Sheridan Trims Down Its Invasive Tree Population
Gov. Mark Gordon has stated he wants Wyoming to be a leader in fighting against invasive species. The city of Sheridan is taking that seriously by ridding the community a troublesome tree.
This spring, the community is removing 10 acres of Russian olive trees. The tree was heavily planted in the early 20th century as a windbreak and because it could easily survive in Wyoming's climate.
The Russian olive is a big tree with silvery-white leaves that don't fall off in the winter. In the spring and summer, the trees have yellow or white flowers and bright red berries. Often they're found near bodies of water like ponds or rivers.
Sheridan city arborist Clark Van Hoosier said the problem is that it's crowding out native species.
"It's able to spread through a lot of seeds, it's able to spread through its root systems. So usually if you have one Russian olive, you're going to have a group of Russian olives. What we're finding is that they're getting thick enough to where they are out-crowding our native species," Van Hoosier said.
Communities in the state declared war on the Russian olive tree in 2007, when it was classified as a noxious weed, meaning it can't be sold as nursery stock. By law, each county has to come up with a control plan.
The Sheridan Community Land Trust (SCLT) received a Natural Resource Trust grant to work on the project. Land trust executive director Brad Bauer said he's excited to get the project off the ground.
"This particular project with the city of Sheridan is really exciting because we are working with a certified arborist who knows way more about trees and tree management than I would ever be able to put into my head," Bauer said.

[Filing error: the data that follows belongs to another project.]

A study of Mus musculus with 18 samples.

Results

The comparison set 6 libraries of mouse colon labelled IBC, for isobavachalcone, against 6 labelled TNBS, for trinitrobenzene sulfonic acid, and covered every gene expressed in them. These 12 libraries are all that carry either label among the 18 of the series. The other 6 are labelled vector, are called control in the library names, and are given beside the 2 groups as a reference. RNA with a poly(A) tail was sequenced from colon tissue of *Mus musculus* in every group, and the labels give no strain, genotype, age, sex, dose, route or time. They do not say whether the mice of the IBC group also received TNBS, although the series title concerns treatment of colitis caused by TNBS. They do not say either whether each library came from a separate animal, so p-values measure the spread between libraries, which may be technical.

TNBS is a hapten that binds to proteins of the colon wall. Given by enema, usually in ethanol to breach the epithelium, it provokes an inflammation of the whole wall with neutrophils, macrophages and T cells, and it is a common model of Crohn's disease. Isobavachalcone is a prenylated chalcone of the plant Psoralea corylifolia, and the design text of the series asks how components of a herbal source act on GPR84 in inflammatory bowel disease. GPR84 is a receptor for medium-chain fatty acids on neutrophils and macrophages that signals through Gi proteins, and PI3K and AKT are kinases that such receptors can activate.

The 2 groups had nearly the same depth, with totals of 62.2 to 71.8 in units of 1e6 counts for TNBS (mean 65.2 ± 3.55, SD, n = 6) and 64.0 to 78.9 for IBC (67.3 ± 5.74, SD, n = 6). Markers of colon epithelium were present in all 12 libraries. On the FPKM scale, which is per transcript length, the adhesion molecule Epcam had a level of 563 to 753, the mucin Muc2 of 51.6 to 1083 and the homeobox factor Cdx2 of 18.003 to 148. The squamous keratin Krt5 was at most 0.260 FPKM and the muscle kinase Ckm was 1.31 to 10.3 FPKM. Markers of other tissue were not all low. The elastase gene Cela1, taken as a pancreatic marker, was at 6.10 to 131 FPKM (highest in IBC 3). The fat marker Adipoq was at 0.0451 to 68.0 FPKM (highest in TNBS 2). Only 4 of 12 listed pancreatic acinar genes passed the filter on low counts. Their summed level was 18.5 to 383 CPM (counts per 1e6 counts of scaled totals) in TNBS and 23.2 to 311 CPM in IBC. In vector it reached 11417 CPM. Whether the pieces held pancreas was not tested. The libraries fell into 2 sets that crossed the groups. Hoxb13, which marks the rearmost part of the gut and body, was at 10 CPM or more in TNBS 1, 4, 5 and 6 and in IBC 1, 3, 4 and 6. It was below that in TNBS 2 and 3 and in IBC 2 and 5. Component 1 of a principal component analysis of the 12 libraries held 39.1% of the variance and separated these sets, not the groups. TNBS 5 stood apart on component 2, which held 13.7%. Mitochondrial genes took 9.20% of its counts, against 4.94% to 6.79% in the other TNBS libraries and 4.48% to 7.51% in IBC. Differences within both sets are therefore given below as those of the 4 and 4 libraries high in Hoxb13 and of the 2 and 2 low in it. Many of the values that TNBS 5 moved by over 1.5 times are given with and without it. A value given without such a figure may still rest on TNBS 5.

Arborist Van Hoosier and the SCLT have created a plan to remove and maintain the trees.
"Our process basically is just hand felling the trees with chainsaws and dragging them out by ourselves a lot of the times. We also got a Bobcat out here to drag some of the bigger pieces," Van Hoosier said.
"Then we've rented a chipper to put all the material through because it makes us a lot easier to haul out, and we get nice wood chips we can take up and use in the future."
Rather than just dumping the Russian olive trees, they are trying to take a more useful approach.
Chris Vrba with the Sheridan Community Land Trust said when they plant the native trees, the Russian olive will be part of that process.
"Those saplings that will be planted will actually be jump-started with the mulch from the Russian olive," Vrba said. "So the invasive plant that was in there displacing these native species is actually going to be used to get it a jump-start in the future, which is kind of like the circle of life, right?"
The new trees will be species such as cottonwoods, chokecherries, and Ponderosa pines. In all, seven native species will be planted in place of the Russian olive, Van Hoosier said.
"Rather than an acre of one species of Russian olives, we'd rather have an acre of four or five different species that have different benefits for different parks," he said.
Van Hoosier notes not all the Russian olives will be gone from town.
"Some people got the idea that we're going to come through and clear cut in our parks. And that's not what we're doing. We're managing. We're leaving some on the landscape," he said. "We're trying to take a lot of them off because there is a lot but we're leaving some too. Because you know it is hard to grow trees in Wyoming so you know we want to keep some of the ones we have around."
Van Hoosier's hope for the project is that when they are done, Sheridan's parks can become an example for thriving native species through the increase of diversity.
For now, the saplings will symbolize the growth to come.
Officials said they hope to expand the project beyond Sheridan's borders. SCLT's Bauer said this particular project includes partial funding for landowners in and around Sheridan who want to remove Russian olives from their property.
"We developed this project out of the interest to not only help remove this invasive species where we can, but also to develop and explore relationships with new partners, not only the city of Sheridan but also private landowners," Bauer said.
Bauer's hoping this project will allow for more collaborative projects with landowners on other serious issues.